America has heard many presidential campaign speeches over the past few months, but none quite as diverse and comical as this one.
Jack Aiello, 14, was chosen to prepare a speech for his graduation from Thomas Middle School in Arlington Heights, Illnois. To avoid an overdone topic, Jack put a topical spin to a speech made year after year.
"I've decided that since we're in the middle of an election, I would do my speech in the style of some of the 2016 presidential candidates, along with President Obama," Jack began.
In his first bit, he took on the persona of the Republican presidential nominee Donald Trump.
"Quite frankly, it's been fantastic," Jack begins, using phrases commonly heard in speeches Trump makes in his rallies.
"We’re learning languages from Spain, from France, from Germany and China," he said, yelling the word 'China.' "You know, people say I don’t like China, I love China. I mean, I love China. I mean, I have so many terrific friends in China."
Next, Jack welcomed Texas Senator Ted Cruz to the stage, where he opens his speech with a sweeping, "Let me start by saying this: God bless the great school of Thomas," as Cruz normally does in his speeches.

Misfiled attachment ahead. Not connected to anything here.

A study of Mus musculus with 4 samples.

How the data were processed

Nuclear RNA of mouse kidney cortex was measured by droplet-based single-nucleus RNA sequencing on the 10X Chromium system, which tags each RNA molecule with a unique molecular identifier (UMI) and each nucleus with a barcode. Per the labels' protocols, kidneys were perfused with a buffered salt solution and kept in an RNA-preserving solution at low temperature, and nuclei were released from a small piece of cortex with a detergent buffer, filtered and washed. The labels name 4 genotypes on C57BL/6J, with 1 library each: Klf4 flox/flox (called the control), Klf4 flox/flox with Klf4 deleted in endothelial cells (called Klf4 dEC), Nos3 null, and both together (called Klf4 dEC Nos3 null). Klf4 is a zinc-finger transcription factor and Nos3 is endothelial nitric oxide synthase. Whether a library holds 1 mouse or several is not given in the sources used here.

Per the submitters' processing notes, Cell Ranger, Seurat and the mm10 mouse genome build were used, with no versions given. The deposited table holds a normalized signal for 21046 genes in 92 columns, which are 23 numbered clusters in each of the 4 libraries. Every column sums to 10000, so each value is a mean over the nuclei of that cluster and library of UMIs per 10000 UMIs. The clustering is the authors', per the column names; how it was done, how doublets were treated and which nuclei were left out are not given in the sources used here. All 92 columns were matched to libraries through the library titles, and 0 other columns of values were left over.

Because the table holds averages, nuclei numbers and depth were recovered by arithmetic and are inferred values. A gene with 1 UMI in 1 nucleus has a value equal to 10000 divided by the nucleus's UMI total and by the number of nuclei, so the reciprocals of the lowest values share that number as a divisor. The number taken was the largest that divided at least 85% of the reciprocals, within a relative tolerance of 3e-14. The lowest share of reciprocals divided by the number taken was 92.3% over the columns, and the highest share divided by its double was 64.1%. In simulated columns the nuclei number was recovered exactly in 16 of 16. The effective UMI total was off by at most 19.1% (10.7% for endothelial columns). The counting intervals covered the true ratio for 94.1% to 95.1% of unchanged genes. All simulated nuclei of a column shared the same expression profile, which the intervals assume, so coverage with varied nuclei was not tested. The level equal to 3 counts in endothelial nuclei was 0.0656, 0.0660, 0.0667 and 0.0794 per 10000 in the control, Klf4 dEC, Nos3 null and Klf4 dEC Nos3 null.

"Thank you President Obama," Jack begins in Clinton's voice, being sure to place emphasis on all the syllables that Clinton would. "I'd like to start by thanking the great hardworking teachers of Thomas Middle School."
Of course, when Vermont Senator 'Bernie Sanders' took the stage, he first complimented the quality of the cafeteria food, with one exception: "We need to make them free."
"Why should students have to pay for the whole cinnamon roll — doesn't make any sense," he continues. "What we need is a cinnamon roll revolution."
His mother Carla Aiello said in an interview with NBC Chicago, "With the election, he watches the news clips and he just absorbs everything," adding that the graduating 8th grader has been doing impersonations since he was very young.
"If you were to ask him what he really wants to do, he really truly does want to be president someday," his father John Aiello told NBC Chicago. "A politician or a comedian, which the lines do sometimes blur."